Black Hole Diagram

Black holes are among the strangest things in the universe. They are massive objects – collections of mass – with gravity so strong that nothing can escape, not even light. The most common types of black holes are the stellar-mass and supermassive black holes. Stellar-mass black holes are created when massive stars explode, leaving behind a black hole with the mass of just a few suns. Supermassive black holes exist in the hearts of galaxies and usually contain the mass equivalent of millions of suns.

Famous Black Holes

Cygnus X-1: a stellar-mass black hole and x-ray source that lies some 6,500 light-years away. It is a binary system that contains a blue supergiant variable star and the x-ray source thought to be the black hole.

Sagittarius A*: the supermassive black hole at the heart of the Milky Way Galaxy. It lies in the direction of the constellation Sagittarius. This black hole contains the mass of about 4 million suns.

M87: this elliptical galaxy has a 3.5 billion solar-mass black hole at its heart. The black hole is surrounded by a disk of superheated material and has a jet of superheated material streaming away from the black hole that extends across 5,000 light-years from the galaxy’s core.

Centaurus A: this galaxy, which lies in the direction of the constellation Centaurus, is a giant spiral galaxy with an incredibly active nucleus. It contains a 55 million solar-mass black hole at its heart, with two jets of material that stream away from the galaxy at about half the speed of light across a million light-years of space.

Facts about Black Holes

  • The massive gravitational influence of a black hole distorts space and time in the near neighbourhood. The closer you get to a black hole, the slower time runs. Material that gets too close to a black hole gets sucked in and can never escape.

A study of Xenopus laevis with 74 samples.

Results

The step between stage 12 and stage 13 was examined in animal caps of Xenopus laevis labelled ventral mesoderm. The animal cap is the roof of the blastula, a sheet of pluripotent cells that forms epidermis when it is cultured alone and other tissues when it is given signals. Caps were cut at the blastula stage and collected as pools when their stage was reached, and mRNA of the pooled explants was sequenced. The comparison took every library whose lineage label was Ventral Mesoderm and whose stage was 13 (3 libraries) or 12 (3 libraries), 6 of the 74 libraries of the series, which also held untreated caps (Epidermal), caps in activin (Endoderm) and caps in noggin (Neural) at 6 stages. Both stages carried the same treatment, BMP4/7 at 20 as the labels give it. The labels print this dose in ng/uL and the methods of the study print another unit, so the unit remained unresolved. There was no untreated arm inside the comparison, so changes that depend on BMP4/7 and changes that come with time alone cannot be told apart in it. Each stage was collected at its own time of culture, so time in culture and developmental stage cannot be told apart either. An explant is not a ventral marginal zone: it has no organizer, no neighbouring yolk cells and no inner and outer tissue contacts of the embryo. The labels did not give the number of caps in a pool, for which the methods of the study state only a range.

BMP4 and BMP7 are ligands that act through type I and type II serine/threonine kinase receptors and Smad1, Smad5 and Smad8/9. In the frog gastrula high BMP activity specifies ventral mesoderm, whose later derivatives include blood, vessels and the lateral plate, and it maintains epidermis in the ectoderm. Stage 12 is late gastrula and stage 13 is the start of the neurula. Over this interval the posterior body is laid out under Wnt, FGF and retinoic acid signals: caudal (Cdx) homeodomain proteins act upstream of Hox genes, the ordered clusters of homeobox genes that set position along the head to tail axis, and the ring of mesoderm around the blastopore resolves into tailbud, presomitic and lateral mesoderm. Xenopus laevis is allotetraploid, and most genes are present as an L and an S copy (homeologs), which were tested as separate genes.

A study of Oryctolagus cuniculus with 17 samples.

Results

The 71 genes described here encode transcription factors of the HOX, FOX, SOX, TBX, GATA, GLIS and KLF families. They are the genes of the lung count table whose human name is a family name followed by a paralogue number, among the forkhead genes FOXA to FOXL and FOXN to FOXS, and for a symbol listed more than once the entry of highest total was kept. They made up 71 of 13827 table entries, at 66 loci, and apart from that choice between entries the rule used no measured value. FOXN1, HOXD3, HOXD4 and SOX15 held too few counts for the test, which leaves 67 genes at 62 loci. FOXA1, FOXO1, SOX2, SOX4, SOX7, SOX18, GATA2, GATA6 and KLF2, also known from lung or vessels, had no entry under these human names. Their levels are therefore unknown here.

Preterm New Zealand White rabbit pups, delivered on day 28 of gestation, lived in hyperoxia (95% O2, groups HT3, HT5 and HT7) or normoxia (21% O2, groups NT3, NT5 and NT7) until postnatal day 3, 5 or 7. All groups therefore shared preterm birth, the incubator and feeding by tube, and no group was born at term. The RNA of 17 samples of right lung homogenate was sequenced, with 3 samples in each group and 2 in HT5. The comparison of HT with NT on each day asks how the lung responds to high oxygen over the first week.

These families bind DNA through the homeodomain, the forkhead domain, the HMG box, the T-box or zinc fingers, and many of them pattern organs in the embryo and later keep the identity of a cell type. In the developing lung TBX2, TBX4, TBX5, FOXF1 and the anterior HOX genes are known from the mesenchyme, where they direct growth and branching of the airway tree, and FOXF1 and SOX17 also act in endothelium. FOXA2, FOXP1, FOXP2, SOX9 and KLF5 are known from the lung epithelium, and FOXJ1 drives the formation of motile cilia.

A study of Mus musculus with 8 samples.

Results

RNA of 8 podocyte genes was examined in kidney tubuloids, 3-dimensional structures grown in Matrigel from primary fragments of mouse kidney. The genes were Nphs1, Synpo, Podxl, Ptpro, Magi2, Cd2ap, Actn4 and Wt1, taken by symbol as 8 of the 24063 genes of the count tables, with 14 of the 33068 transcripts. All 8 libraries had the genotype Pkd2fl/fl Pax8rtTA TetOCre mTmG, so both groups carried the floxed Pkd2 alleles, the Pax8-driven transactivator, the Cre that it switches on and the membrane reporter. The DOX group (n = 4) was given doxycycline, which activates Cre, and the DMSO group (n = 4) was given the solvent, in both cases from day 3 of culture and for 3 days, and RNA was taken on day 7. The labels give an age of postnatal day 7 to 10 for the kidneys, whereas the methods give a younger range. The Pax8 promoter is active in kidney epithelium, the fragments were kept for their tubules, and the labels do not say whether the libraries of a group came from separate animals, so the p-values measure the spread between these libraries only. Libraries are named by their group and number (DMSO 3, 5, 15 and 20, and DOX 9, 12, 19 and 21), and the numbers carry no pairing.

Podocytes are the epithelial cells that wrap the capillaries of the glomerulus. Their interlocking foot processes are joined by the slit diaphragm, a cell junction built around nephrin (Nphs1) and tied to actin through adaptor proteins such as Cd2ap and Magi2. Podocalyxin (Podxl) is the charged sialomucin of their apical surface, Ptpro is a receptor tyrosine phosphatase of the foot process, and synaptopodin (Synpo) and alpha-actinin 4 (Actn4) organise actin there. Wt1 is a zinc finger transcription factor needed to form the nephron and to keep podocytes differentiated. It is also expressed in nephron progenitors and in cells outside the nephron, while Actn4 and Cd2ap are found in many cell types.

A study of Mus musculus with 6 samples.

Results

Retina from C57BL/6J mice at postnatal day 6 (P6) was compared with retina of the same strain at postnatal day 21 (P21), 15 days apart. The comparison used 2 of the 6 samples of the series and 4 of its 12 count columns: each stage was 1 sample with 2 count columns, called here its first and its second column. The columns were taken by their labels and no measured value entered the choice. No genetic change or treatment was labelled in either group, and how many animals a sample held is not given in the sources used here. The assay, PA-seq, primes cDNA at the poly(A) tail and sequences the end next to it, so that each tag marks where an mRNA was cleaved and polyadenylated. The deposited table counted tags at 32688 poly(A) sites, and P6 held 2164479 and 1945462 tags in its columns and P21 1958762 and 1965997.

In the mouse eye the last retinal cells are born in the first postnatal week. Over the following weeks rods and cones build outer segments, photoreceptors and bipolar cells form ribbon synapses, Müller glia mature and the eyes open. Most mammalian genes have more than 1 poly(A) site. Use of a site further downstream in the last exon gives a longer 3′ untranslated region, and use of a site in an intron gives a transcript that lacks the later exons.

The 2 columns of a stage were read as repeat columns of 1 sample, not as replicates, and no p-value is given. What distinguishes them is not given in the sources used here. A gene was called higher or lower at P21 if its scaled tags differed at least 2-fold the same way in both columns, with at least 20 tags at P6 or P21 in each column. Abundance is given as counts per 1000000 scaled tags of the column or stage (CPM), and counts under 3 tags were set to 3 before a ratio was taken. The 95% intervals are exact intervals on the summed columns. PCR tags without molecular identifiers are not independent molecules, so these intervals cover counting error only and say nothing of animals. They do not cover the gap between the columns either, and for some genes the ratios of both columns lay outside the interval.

• Material spirals in to a black hole through an accretion disk — a disk of gas, dust, stars and planets that fall into orbit the black hole.
  • The “point of no return” around a black hole is called the “event horizon”. This is the region where the gravity of the black hole overcomes the momentum of material spinning around it in the accretion disk. Once something cross the event horizon, it is lost to the pull of the black hole.
  • Black holes were first proposed to exist in the 18th century, but remained a mathematical curiosity until the first candidate black hole was found in 1964. It was called Cygnus X-1, an x-ray source in the constellation Cygnus.
  • Black holes do not emit radiation on their own. They are detected by the radiation given off as material is heated in the accretion disk, and also by the black hole’s gravitational effect on other nearby objects (or light passing by).